Stuck in Bed

“I wish I could spend all day in bed!” This is something able-bodied people sometimes say to disabled people. I think I understand where their confusion lies, in confusing spending the day in bed with being stuck in bed all day.

I spent most of the past week stuck in bed. While there, I had a lot of time to ponder the distinction between spending the day in bed and being stuck in bed. For me, one of the biggest differences is probably found in relative freedom of movement. When I’m spending a day in bed, such as when on vacation (hey, I haven’t always been *this* poor), I can get up at any time for a snack or a drink or to take my book outside for awhile. When I’m stuck in bed, I try not to get up for anything less urgent than the bathroom.

Getting out of the bed is a simple matter of rising, when simply spending a day there. Getting out of the bed requires planning, preparation, and a sturdy chair stationed beside me, when I am stuck there. Spending a day in bed, voluntarily, is refreshing and relaxing and restful. Being stuck in bed isn’t any of those things, because whatever got you stuck there in the first place is sapping all your energy, and quite likely distracting you with highly unpleasant symptoms like nausea or pain.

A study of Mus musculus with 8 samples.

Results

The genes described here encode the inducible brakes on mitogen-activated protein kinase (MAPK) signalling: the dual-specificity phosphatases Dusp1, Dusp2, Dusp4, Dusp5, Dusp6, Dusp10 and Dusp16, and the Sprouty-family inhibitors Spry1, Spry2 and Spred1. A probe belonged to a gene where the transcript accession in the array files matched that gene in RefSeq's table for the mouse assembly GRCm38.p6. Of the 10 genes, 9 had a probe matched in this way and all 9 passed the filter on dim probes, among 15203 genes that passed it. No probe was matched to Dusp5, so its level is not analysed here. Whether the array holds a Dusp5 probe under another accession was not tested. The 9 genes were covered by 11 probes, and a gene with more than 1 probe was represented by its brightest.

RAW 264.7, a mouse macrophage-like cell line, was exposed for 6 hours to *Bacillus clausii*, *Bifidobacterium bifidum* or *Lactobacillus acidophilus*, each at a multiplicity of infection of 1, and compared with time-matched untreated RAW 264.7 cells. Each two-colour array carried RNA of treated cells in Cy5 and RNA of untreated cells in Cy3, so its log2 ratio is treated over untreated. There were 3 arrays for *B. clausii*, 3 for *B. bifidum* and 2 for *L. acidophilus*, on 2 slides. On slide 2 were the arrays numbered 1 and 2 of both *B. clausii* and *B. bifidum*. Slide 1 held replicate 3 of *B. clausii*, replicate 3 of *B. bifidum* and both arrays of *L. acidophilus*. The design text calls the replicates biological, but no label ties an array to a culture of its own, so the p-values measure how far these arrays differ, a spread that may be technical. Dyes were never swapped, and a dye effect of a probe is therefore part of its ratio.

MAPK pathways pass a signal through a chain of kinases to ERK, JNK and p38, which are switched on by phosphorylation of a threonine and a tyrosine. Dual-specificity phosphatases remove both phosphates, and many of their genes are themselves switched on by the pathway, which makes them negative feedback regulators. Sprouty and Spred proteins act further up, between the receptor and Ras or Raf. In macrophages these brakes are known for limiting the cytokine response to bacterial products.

If I’m spending a day in bed, I’ve probably already carved out this slice of free time to do nothing. If I’m stuck in bed, I likely have a to-do list growing by the minute, which I can’t even begin to address. This failure to keep up with my life responsibilities adds both stress and guilt to the experience of being in the bed all day.

I love spending a day in bed as much as the next person, but please, the next time a disabled friend tells you they’ve been stuck in bed all day, understand it wasn’t a restful vacation day. It was a sick day.

1 thought on “Stuck in Bed

  1. I’m sorry to hear about this Angie. I think people have always had a tough time sympathizing with the sick and accepting the reality of it.